Brace yourself, Internet. I am about to say something nice about Ubuntu and Canonical. In fact… a whole mess of nice things. This article is going to be lousy with compliments of Ubuntu.
I just watched a video, from XDA, that showed a live demo of Ubuntu that, I kid you not, made me do a little happy dance. Just so we're on the same page, go watch that video right now. At least up to about the 4-minute mark where the hands-on demo of the tablet ends.
Now… OK. I need to do a little mental reset here.
Over the last few years I have been more than a little disappointed in Ubuntu. I've been disappointed in implementation details. I've been disappointed in the lack of available mobile hardware. Just… just… damned disappointed. The team at Canonical (and the broader Ubuntu community) are capable of so much that it bums me out when they don't live up to their potential.
After watching this video, that all melted away. For two, absolutely wonderful, reasons.
First, the “convergence” vision actually appears to be reaching a point where it is usable. Take a phone (or tablet), plug in a monitor and you've got yourself a full desktop PC. Not just that… but a full desktop that can run traditional Linux software like LibreOffice and Gimp with state preserved between “mobile” mode and “desktop” mode. This is a big freaking deal.
And, what's more, it appeared to be working rather well with quite a few nice touches. The phone, when docked to a monitor, even becomes an input device; You can use it as a touchpad mouse and a virtual keyboard. Not necessarily something I'd use very often (if I'm docked to a monitor I probably have a keyboard handy) but a cool detail just the same.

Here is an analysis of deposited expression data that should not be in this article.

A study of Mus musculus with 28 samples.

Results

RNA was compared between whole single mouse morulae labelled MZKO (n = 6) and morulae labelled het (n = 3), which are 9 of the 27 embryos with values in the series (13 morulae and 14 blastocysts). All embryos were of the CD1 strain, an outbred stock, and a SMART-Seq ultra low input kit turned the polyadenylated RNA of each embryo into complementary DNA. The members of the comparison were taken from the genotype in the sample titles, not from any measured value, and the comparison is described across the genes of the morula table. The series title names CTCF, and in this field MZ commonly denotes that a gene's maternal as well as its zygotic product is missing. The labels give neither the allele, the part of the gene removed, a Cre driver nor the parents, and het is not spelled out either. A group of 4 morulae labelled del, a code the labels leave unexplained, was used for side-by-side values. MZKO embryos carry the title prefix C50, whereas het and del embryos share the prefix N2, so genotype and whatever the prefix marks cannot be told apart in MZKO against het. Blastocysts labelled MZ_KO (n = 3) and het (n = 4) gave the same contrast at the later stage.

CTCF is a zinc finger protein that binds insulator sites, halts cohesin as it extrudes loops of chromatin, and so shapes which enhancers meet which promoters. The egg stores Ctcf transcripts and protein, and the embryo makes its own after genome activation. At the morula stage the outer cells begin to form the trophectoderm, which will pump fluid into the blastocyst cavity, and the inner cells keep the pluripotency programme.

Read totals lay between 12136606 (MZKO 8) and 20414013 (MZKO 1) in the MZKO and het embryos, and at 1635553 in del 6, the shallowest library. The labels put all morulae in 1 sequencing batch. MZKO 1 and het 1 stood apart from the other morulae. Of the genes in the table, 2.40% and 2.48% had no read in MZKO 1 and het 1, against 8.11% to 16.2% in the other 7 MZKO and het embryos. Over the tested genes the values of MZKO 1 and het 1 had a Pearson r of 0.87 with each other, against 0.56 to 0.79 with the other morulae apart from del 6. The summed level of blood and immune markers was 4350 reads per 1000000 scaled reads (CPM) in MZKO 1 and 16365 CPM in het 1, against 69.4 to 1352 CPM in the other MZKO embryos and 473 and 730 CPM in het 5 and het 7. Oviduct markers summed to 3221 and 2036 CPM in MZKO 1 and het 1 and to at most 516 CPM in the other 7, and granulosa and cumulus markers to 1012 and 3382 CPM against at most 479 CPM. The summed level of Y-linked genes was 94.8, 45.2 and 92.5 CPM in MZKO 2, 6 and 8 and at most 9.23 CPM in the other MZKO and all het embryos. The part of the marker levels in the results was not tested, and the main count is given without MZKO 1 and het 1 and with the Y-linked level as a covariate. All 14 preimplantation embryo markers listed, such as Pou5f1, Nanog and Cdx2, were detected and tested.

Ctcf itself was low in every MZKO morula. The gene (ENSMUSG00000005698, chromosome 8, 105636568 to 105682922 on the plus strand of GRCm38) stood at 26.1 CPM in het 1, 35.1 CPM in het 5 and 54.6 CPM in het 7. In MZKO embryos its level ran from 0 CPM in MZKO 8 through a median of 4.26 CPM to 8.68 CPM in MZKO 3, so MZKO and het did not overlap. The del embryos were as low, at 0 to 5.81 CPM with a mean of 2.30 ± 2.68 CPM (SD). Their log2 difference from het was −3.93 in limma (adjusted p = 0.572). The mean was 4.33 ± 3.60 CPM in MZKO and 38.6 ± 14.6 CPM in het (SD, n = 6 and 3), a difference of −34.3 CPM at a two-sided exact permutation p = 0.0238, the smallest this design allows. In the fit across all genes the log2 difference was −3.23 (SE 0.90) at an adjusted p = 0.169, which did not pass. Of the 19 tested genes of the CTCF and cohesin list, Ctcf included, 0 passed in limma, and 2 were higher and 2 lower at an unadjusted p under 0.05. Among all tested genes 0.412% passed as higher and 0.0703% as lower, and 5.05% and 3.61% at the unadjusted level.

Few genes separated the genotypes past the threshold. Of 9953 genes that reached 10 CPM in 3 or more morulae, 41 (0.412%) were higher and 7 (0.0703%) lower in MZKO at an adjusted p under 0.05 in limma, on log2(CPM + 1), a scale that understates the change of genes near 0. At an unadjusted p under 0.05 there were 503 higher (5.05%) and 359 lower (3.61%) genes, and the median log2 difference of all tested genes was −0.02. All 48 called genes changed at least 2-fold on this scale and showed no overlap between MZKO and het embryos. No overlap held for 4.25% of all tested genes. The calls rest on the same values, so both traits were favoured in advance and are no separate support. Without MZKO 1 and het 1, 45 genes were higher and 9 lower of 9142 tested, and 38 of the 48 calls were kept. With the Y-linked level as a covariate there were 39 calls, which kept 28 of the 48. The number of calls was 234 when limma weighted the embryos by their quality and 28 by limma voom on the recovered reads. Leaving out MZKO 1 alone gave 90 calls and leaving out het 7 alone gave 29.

Then, after that was demoed, the tablet came out. At which point I believe I began drooling a little.
On that Ubuntu Touch tablet was running Gimp in “single window” mode. This, all by itself, is great. The idea that I could have a Linux-powered tablet (that's not Android), upon which I can run the software I rely on every day (the desktop Linux applications we all know and love), is an absolute dream. But it gets better.
Dragging down from the top of the screen, on the tablet, revealed an option called, simply, “Desktop Mode”. One little tap of that toggle button and – shazam! – the user experience changed from the “everything is full screen, touch-focused, mobile interface” to… a more traditional looking desktop. Complete with movable, layered and re-sizable windows.
All while preserving state when switching between “touch” mode and “Desktop” mode. My mind is spinning with the possibilities.
To everyone at Canonical (and the Ubuntu project) that has worked on this: Well freaking done. You all deserve a rather hearty high-five.
Now get that tablet shipping so I can play with it.